Basics of Building a Voice Over Recording Studio



    12 COMMENTS

    1. Dan
      Great informative piece!
      This is a great starting place for folks thinking about a home based recording solution for pro work and for continued skill development.
      Even though I have some serious equipment here, I often just pack up my ibook, an m audio interface, and a basic mic to track stuff away from the studio.
      I’ll add that when a Voice Actor is looking for an equipment retailer, that retailer’s technical support department is every bit as important as the retailers pricing. Owning a large studio I have dealt with many, but Sweetwater has been my consistent fav.
      Again, thanks for the great info! I will suggest your podcast to our clients here at Voice Coaches.
      Cheers
      David at Voice Coaches

    2. Thanks for your presentation. I’m teaching too as well as performing live/acting. What’s a good resource book for beginning studio musicians? I’m thinking of my students et al…
      Best Wishes
      NON

    3. Neil,
      I find the books too detailed! As I keep telling people in my blog, keep it simple.
      Having a beginner invest a great deal of valuable capital on a home studio without the knowledge of how to use it is pointless. A simple home studio set up like I described in the podcast is all they will need. I’m getting more and more convinced to have people just buy a USB powered condenser mic and use Audacity on a Mac or PC to learn the BASICS of multi-track recording or even single track recording.
      I would suggest you give your students a demo of how easy it is to set up a USB mic on a laptop so you can “de-mystify” this process. Even though I’ve been working in a studio for over 30 years, It ain’t rocket science!
      Now the subtleties of how to use a mic are something you have to develop a feel and ear for. Books can explain it, but I suggest just doing it and busting through the “sound” barrier.
      The fact is, and I keep saying this on my Blog; “Master VO, Demystifying The Home Studio,” home PC technology has made a $250,000 recording studio of 10 years ago a $1000 or less toy today. Its not the equipment as much as it is how you use it. That’s the beauty of what this industry has become. Anyone can try it cheaply and see if it is a viable career option for them.
      I’m always available here at voices.com for any specific questions about studio set-up.
      Master VO Blog
      Also, an internet search of “How to build a home recording studio” will open a whole world up.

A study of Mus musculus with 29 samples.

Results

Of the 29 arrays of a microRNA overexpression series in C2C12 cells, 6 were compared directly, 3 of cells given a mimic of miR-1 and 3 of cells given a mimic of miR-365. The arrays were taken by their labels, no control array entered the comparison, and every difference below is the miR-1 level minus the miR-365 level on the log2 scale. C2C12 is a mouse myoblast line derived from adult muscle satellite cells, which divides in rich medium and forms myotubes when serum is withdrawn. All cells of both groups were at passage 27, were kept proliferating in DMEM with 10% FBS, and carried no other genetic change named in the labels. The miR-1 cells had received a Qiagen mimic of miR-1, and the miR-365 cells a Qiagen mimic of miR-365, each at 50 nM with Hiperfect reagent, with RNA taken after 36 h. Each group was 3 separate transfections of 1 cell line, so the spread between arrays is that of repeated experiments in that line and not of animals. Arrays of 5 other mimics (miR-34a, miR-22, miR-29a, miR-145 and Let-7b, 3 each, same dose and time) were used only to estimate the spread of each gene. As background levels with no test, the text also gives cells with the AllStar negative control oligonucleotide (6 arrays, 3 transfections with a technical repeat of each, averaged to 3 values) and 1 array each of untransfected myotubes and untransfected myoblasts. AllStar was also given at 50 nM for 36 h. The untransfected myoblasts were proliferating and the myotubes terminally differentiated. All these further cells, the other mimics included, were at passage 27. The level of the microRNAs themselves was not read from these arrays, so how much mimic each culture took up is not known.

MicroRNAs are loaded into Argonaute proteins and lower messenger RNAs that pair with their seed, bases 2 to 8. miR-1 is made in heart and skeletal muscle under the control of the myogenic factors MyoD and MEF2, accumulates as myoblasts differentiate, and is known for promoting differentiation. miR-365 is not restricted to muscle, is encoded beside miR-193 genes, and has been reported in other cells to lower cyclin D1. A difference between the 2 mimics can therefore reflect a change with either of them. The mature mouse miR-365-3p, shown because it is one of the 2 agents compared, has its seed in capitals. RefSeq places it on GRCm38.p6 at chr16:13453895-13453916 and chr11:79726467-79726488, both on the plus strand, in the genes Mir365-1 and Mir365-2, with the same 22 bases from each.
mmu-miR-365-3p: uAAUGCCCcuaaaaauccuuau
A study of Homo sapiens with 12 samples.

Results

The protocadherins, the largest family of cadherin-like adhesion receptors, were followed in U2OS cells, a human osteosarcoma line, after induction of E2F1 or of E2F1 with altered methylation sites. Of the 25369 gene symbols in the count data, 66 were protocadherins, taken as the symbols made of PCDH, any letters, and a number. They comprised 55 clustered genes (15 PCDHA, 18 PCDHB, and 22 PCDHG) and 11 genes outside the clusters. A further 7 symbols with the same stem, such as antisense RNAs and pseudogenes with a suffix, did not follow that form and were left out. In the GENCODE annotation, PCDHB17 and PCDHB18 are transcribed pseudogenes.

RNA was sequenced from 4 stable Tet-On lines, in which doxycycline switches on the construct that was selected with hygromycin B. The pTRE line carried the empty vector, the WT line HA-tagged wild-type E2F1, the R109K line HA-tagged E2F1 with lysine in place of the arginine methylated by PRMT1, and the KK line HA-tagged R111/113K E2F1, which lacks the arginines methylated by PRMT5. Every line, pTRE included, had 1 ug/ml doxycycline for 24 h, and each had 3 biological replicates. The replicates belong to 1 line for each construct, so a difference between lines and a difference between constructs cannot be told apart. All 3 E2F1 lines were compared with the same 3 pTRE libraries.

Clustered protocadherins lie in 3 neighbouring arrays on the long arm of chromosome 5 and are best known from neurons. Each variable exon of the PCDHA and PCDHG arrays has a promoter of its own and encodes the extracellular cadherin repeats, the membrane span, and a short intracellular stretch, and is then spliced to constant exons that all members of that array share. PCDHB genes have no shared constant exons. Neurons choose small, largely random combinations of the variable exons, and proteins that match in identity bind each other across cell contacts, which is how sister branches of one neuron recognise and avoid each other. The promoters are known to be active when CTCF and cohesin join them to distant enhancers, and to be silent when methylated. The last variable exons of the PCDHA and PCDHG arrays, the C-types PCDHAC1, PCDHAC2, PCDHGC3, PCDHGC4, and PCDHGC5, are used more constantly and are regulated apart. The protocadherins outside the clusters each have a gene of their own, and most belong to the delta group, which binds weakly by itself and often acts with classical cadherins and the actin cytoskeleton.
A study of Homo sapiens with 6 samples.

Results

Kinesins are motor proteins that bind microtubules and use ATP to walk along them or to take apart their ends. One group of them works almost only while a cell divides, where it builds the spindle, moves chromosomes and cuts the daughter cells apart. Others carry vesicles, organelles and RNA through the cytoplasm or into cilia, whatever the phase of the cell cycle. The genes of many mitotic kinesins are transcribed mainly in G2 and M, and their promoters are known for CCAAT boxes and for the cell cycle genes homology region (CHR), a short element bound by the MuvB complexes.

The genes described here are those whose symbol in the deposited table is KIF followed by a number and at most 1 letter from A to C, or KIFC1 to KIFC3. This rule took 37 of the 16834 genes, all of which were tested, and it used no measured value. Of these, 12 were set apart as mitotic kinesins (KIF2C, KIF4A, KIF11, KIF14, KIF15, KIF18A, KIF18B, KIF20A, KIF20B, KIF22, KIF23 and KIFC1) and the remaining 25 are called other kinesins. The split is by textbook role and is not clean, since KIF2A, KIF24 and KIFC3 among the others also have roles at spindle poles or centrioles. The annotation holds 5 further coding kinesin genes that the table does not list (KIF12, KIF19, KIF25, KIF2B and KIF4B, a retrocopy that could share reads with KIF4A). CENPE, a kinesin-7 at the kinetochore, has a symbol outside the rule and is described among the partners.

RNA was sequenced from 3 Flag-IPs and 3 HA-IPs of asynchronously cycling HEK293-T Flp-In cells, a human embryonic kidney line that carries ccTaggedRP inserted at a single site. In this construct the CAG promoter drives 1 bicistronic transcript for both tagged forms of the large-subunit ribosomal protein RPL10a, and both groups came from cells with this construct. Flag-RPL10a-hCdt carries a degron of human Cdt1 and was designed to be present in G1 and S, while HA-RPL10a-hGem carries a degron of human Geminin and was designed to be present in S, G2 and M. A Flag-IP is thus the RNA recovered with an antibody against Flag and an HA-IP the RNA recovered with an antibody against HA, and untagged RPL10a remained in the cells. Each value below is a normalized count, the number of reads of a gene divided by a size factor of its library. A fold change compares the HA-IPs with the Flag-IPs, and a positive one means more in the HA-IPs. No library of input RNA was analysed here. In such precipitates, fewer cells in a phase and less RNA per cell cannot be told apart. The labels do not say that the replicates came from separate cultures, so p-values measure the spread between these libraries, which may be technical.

The important thing to note here is that the great multi-track recording programs and equipment on the market today are complete overkill for what we do, which is, at a minimum, record dry voice and at the most, adding a music track or a sound effect or two. Programs like Sonar and Pro-Tools or CuBase are for Musicians and bands. They work great for that and are wonderful for experienced VO artists. It takes years to master them. The basics are all that are required of beginners. That’s a simple hands on and simple explanation routine.
      It isn’t the equipment that makes a great voice artist.
      Anybody want to add to that or disagree?
      Regards,
      Dan L.

    4. Dan
      I have been trying to find a standard for noise floor. It seems that all the organizations that are involved with setting standard want to sell the book rather than post information.
      Here is what I’m looking for and maybe you can help. What is the standard for noise floor regarding broadcast radio or television? Also if you know is it pegged to “A” weighted or is it based on ITU-R 468 weighted scale.
      Also this do you know if there is a broadcast standard for decay time in a studio. I hope you have some idea. Otherwise I think I will use information for one of F. Alton Everest books.
      Thanks
      Ed

    5. I found this to be very helpful. I have been researching this venture for a couple of weeks. When you are on information overload it’s good to find information that supports some of your findings. Confirming some decisions and obtaining additional helpful hints was a relief.
      Thanks So Much!

    6. thank you dan for making it simple. i guess i’ll have to move up just slightly from my sennheiser mic which are just 100 dollar dollar headphones with a mic, which are good quality, to a real condesor mic.
      i use a pc. my options are limited, but i keep plugging away everday with auditions.
      i wont quit. i love it!!!

    7. Hi Dan I very much appreciate your expertise and knowledge that you took the time to share with us about setting up a studio. I do not have the ability to set up a studio in my current residence which is an apartment. Any thoughts about what particular space would be best for me that I could possibly rent as a studio?
      Thanks Dan Best Wishes Bill Cannon

    8. Thank you for sharing this podcast on voice over recording studios! I’m trying to set up a studio for my personal recordings and this was really helpful. I find that keeping out excess noise is the hardest part of the process, so I’d like to look into some electronic solutions. Do you have any links to further information on this?